No matter how much we fight it, we all end up with bad family habits, whether it's getting crumbs in the margarine container or leaving the silencer in the trunk.
Romantic relationships are confusing. So we search for guidance in many places, including the cinema. We look to movies because they're a contemporary cultural experience shared with our closest companions. And we're too lazy to read.
But which movies? Romantic comedies? It's true some have posed poignant questions: "When Harry Met Sally" (Can men and women be friends without physical attraction getting in the way?); "Sleepless in Seattle" (What is the magic that makes people fall in love?); "While You Were Sleeping" (How did they manage to make a cutesy romantic comedy without Meg Ryan?).
But we need answers, not questions. How about the classic romances? Sure, some reveal profound truths. Like in "Casablanca," a man discovers that the cause of world freedom outweighs his own happiness. Great, but how often does that happen?
No, sometimes we have to look for wisdom in unexpected places. I realized this watching one of my favorite movies for the umpteenth time. Now, it's not based on a novel by Jane Austen, trusty Meg doesn't even make a cameo, and there's no hokey music sequence where the love-struck couple kisses with cake smooshed on their face, has a pillow fight, and then falls off a bicycle-built-for-two into a lake, all while laughing hysterically. Even so, there is much we can learn from this American masterpiece: "The Godfather."
It's the story of Vito Corleone, a Sicilian boy who escapes to New York City when the Mafia kills his family. Appalled that the local Mafia boss uses violence against his own people for personal gain, Vito offs him and establishes his own powerful family. Vito dreams that his youngest son, Michael (Al Pacino), will be the one to bring greatness to the family without going into crime, by becoming a senator or governor (The Godfather apparently is too busy to keep up with the news.)
Michael sticks with the plan until a failed assassination attempt on his father. Unfortunately, instead of seeking comfort in a support group, he shoots two people through the head and later tries to see how many people he can have killed during a single baptism.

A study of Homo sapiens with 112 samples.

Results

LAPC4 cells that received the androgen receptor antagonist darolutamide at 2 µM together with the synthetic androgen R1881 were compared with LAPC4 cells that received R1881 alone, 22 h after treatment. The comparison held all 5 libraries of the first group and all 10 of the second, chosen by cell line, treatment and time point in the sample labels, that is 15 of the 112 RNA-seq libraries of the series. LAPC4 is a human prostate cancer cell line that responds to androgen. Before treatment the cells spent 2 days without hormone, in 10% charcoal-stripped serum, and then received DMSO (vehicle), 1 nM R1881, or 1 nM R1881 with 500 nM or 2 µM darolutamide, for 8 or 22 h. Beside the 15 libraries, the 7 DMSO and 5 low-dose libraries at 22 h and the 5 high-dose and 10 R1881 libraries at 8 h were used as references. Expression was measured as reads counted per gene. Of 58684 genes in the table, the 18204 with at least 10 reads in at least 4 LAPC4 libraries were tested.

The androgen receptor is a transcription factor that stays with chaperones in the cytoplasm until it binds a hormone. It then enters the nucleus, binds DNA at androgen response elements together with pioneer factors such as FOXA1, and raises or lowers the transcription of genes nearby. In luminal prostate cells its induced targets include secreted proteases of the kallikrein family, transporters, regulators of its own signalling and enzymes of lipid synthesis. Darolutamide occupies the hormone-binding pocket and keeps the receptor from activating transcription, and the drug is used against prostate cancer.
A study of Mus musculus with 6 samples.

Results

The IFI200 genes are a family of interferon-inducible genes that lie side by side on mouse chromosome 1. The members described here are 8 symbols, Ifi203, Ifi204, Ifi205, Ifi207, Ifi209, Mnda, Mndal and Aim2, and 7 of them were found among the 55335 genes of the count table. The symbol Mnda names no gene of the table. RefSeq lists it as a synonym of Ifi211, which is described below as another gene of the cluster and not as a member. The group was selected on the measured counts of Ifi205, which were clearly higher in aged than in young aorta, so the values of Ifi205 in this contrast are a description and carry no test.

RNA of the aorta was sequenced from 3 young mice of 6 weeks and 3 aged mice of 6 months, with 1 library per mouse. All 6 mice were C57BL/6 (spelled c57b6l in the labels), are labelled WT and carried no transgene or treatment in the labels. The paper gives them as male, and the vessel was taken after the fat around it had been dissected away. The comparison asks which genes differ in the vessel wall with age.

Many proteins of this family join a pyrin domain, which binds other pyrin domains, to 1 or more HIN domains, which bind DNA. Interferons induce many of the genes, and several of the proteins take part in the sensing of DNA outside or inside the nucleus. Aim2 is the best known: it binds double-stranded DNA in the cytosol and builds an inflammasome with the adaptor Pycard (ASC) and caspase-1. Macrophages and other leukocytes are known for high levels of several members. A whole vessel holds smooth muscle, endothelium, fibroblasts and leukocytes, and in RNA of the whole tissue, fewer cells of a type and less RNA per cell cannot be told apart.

Kay (Diane Keaton) falls for Michael while he's still on the Senator Track. It's never easy to pinpoint when a relationship goes sour, but it was probably right about when Michael kills a New York City police captain and disappears to Italy. When Michael returns and asks Kay to marry him, she points out that he hasn't written or called; and also that his family is a bunch of murdering thugs. But the dating scene can be a drag, so she takes him back anyway.
While it's not your typical love story, Michael and Kay's relationship teaches valuable lessons:
1. You marry the whole family.
When Kay gets upset over the nature of the Corleone family business, Michael says: "That's my family Kay, not me." Okay, that might work for little things like cooking with too much vegetable shortening. But more important things, like running a crime organization, or hairy backs, warrant more caution. No matter how much we fight it, we all end up with bad family habits, whether it's getting crumbs in the margarine container or leaving the silencer in the trunk.
2. You marry their work.
If only Michael could have left his work at the office. But sometimes there was just no better place to whack a disloyal employee than the middle of the driveway. For most people, of course, bringing work home means simply making a few phone calls. Still, it's worth learning as much as you can so you don't find yourself in Kay's shoes, competing with clients for your spouse's attention, or scrambling under the bed to avoid gunfire.
3. They're not going to change.
Michael persuades Kay to marry him by assuring her that within five years the Corleone family will be completely legitimate. Kay is apparently convinced that Michael will soon be selling insurance for Aetna. She commits a classic mistake: assuming Michael will undergo a complete personality overhaul the day after the wedding. Kay learns this lesson the hard way, as she later finds herself reminding the still mob-employed Michael that seven years have passed since his unveiling of the five-year plan. Amazingly, she stays with him, buying his explanation that the insurance market has been really tight lately.
And finally . . .
4. To make great spaghetti sauce, fry some garlic, throw in some tomatoes, mix in a little paste, toss in your sausages and meatballs, and add some wine and sugar.
Since they say the way to a person's heart is through his stomach, this could be the most important advice of all.
Next time: Golf tips from "Gone with the Wind."
Stephen A. Simon writes for Washington Jewish Week.